The Spray Lake Sawmills Family Sport Centre (SLSFSC) updated its fee structure in October 2019, and community response to the new prices has been varied.
Prior to Oct. 15, 2019, the Cochrane-based recreation facility charged separate fees for its various amenities – which includes a skating rink, curling rink, fitness centre, aquatic centre, indoor soccer field, gymnastics centre and climbing wall. Drop-in rates for individual amenities ranged from $3 to $12.
Now, drop-in rates allow participants to use the entire venue, instead of just one specific amenity. As a result, most of the fees have increased, outside of monthly memberships.
The drop-in rate for a child aged two to 12 is $8 per day, while youths aged 13 to 22 pay $10 and adults aged 23 to 59 pay $15. Seniors 60 and older pay $10, while families of two adults with unlimited dependents up to age 22 pay $25.
Rocky View County resident Kim Knox said her mother used to take her two children skating at SLSFSC for just $3 each – a total cost of $9 – and was shocked Jan. 15 when the entry fee came to $26.
“It was a reasonable fee to pay $3 a person, but at $8 a child to take them skating, for what amounts to 30 or 40 minutes of them actually skating, it becomes unaffordable,” she said.
Knox added a day pass with two child add-ons to Westside Recreation Centre in Calgary would have cost her mother $20.
“It seems Spray Lake is a publicly-funded facility, so I was shocked they were charging more than what even a private facility charges, for fewer activities,” she said.
Michelle Everett, SLSFSC’s sales and marketing manager, said the consolidated fees were the result of a six-month process of comparing its membership and drop-in prices to other recreational multiplexes across the country.
“We didn’t just look at a couple of rec centres and think, ‘OK, we’re in line.’ We checked our prices against so many facilities,” she said. “This wasn’t done overnight – our care was for the community in making sure it was acceptable and affordable. We were careful in thinking how it would affect people.”
She added the facility’s previous payment system was complicated, and the majority of community feedback since the change has been positive. She added SLSFSC currently boasts about 6,300 members – an all-time high.
“We used to sell pool-only memberships and fitness-centre-only memberships,” she said. “Our menu was very big, clunky and complicated. We’ve made it very simple. You don’t have to go back to the desk every time you’re done an activity and want to do another one. You have freedom to do anything you want, and stay for the day.”
Knox disagreed, saying most visitors tend to go to SLSFSC for just one activity at a time.
“At Spray Lake, everything is restricted,” she said. “There are private facility bookings, swimming isn’t open all the time, skating isn’t open all the time, let alone all the other activities they claim you’re getting for this one drop-in price.”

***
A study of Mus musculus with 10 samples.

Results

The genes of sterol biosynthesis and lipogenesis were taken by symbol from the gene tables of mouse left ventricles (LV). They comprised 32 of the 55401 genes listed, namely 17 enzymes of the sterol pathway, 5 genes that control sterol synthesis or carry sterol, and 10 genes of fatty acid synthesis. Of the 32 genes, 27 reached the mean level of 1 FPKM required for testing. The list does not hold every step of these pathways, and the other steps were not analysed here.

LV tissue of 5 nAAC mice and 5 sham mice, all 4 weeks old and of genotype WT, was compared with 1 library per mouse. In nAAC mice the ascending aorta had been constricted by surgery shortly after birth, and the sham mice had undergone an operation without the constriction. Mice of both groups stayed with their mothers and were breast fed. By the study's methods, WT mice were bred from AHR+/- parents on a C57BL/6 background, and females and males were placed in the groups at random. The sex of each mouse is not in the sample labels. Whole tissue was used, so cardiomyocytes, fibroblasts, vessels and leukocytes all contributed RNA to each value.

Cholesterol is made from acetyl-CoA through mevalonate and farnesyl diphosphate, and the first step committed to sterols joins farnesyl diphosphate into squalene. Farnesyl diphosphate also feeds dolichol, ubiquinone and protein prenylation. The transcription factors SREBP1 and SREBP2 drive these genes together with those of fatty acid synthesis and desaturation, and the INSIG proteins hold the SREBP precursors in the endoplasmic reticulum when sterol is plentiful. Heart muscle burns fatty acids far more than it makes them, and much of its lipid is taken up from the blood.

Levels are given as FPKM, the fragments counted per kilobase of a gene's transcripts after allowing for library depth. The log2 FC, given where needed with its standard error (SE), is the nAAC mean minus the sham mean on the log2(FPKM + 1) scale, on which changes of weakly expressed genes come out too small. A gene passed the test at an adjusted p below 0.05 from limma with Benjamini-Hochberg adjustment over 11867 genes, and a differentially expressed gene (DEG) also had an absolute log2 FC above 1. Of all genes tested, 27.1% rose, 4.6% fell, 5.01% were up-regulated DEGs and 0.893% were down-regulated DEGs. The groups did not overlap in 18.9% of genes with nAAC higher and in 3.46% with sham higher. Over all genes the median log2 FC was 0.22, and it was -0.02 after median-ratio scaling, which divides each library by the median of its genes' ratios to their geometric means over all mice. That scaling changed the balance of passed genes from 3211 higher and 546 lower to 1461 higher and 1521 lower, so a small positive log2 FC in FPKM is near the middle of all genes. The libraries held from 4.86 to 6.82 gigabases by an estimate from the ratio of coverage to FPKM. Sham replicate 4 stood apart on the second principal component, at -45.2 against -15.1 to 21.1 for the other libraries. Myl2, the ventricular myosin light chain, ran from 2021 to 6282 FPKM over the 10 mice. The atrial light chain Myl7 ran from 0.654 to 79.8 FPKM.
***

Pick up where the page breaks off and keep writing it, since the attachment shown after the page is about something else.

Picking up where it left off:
Blair Felesky, the facility’s chief executive officer, said the new fees are meant to encourage people to buy a monthly membership, as it takes just three to four visits to pay for the cost of a monthly pass. He added monthly memberships are 13 per cent cheaper than they used to be and come with added perks, such as discounts on personal training, party packages and registered fitness programs.
“That’s really what we’ve tried to capture, and I think we’ve been successful doing it,” he said.
A monthly pass costs $29 for children aged two to 12, $39 for youths aged 13 to 22, $49 for adults aged 23 to 59 and $39 for seniors aged 60 and up. A family pass costs $99. The previous rates for facility-wide memberships ranged from $42 for youths aged two to 17, to $142 for families.
“When we launched these fees Oct. 15, , of course there was feedback that it was different – ‘I don’t use the fitness centre’ or ‘I only want to pay for the pool’ and that sort of thing,” he said. “We’re very sensitive to that. I think where we’re at is… for the last month or two, with the exception of some isolated feedback…there is an energy that is consistently good with the change that was implemented in October. It just took some time to absorb that change.”
Felesky added the adjustments were the first changes to the facility’s pay structure in more than two years.
“I don’t anticipate any significant swings beyond some inflationary component, forward-looking,” he said.
He added the facility’s long-term objective is to be seen not just as a recreation facility, but as a social and cultural hub in Cochrane.
“Our vision is, perhaps there’s a library on the main floor, and a social component to a gathering space,” he said. “Maybe an Internet lounge, plug-in stations, re-charge stations – [a place] where parents can drop their kids off for a hockey practice or curling lesson, and then go read in the library.”